Binary serialization tagged with type information, allowing for
typechecking and useful error messages at the receiving site.
This package serves the same purpose as tagged-binary, with a couple of key differences:
Support of different kinds of serialized type annotations, each with specific strengths and weaknesses.
Error messages can provide details on type errors at the cost of longer message lengths to include the necessary information.
Very small performance overhead compared to using standard
Binarydue to caching when using hashed type information. Since shown and full types are not cached, decoding them has a significant performance hit (ballpark: factor of two).
No depencency on
Internalmodules of other libraries, and a very small dependency footprint in general.
For information about usage, see the
Performance-wise, here is a value
Right (Left <100 chars lipsum>) of
Either (Char, Int) (Either String (Maybe Integer)) benchmarked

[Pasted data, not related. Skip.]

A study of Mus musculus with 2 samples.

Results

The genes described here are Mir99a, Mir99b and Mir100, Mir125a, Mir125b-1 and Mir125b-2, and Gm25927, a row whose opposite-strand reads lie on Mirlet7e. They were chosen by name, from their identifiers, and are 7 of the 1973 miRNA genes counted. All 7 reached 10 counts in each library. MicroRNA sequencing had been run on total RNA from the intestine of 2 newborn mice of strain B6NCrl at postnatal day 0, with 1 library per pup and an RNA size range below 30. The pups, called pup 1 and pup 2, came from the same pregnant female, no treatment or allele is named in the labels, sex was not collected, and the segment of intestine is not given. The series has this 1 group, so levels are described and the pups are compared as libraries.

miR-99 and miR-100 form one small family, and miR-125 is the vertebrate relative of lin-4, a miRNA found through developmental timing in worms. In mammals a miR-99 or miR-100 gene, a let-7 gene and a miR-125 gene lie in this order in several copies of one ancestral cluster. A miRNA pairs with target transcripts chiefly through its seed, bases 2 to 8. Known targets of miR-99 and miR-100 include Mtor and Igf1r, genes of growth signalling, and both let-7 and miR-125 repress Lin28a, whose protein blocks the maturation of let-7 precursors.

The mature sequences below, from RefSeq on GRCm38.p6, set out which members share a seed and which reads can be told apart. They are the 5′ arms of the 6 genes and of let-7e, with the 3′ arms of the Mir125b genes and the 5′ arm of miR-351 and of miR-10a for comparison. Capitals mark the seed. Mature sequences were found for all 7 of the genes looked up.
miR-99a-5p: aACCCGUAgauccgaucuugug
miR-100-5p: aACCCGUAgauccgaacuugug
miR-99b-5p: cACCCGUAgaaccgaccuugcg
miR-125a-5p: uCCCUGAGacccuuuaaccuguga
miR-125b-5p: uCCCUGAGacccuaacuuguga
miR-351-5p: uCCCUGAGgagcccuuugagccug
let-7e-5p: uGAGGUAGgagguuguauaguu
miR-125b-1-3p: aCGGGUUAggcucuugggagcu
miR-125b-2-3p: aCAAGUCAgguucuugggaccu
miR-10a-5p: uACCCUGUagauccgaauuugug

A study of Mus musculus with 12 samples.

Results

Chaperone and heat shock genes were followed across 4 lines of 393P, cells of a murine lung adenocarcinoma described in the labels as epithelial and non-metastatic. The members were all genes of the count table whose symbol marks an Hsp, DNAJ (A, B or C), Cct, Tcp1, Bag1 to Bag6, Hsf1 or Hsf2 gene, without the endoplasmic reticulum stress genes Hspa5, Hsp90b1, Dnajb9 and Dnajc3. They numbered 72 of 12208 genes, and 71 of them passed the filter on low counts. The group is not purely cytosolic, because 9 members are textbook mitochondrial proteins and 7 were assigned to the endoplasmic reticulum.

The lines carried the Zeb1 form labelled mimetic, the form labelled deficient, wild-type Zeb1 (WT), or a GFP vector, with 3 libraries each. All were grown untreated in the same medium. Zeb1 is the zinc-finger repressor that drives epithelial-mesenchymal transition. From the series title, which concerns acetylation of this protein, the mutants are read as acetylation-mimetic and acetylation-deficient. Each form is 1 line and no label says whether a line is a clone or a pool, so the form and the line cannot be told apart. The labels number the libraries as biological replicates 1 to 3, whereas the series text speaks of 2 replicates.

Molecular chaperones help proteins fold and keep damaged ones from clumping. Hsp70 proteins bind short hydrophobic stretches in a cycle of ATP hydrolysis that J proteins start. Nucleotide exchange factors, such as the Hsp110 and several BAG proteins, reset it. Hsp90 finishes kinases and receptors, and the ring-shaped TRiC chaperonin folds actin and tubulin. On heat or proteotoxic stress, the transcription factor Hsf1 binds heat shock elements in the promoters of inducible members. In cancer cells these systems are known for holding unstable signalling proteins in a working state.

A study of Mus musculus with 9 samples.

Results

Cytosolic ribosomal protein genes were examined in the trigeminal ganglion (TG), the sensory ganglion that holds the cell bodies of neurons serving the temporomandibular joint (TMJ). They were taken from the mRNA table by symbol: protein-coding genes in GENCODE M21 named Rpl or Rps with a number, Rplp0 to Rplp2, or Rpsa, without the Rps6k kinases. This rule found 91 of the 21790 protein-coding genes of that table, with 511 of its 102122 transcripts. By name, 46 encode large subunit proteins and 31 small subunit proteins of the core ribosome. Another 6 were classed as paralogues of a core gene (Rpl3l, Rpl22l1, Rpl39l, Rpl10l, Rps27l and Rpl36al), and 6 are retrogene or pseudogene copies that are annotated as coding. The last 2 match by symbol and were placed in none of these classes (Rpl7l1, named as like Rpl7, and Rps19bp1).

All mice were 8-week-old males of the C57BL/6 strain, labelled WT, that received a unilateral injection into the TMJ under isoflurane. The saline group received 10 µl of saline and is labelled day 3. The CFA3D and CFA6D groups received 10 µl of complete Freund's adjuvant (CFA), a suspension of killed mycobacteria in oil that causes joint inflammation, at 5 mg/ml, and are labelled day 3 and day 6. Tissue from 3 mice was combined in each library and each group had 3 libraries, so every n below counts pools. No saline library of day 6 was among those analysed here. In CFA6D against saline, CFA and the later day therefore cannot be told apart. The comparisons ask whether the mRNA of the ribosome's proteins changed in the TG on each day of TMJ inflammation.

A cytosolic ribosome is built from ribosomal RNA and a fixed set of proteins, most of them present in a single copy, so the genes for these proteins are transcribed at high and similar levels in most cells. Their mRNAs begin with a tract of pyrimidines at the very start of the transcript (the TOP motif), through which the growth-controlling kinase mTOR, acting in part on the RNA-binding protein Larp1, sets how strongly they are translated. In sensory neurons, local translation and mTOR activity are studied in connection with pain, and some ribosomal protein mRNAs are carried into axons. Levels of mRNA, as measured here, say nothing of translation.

Hashed64 type representation:
- Add testsuite to compare generated message lengths with vanilla
Binaryand the various different typed serializations.
- The .cabal file is hopefully fixed so that Hackage is able to build the docs automatically.
Hashed32type representation with 32 bit, more suitable for short data than the previous
Hashed, which was implicitly 64 bit long.
Hashed64is also available in case the longer hash is needed.
- Type representations are now automatically cached by
encodeTyped. If this data is long enough, it is even serialized in advance as well.
Fix whitespace in docs to make the docs build properly on Hackage, which presumably has an older Haddock version
- Fix sharing not working at all (bad
- Pre-calculate certain functions in the benchmarks so they can be properly shared among invocations
Hashed5type representation that has no size overhead compared to
- Add script to upload documentation to Hackage, since with the use of the new
TypeableGHC 7.6.3, which Hackage currently runs, cannot build the docs itself.
Decoding now caches as well for
Hashed*representations. This saves recalculating the
TypeRepof the expected type, which previously was the bottleneck. Both encoding and decoding speeds are now very close to untyped
Debugmodule, which is a drop-in replacement for the ordinary API. However, a message is emitted via
Debug.Traceevery time a type representation is calculated, which makes it possible to debug proper sharing/caching.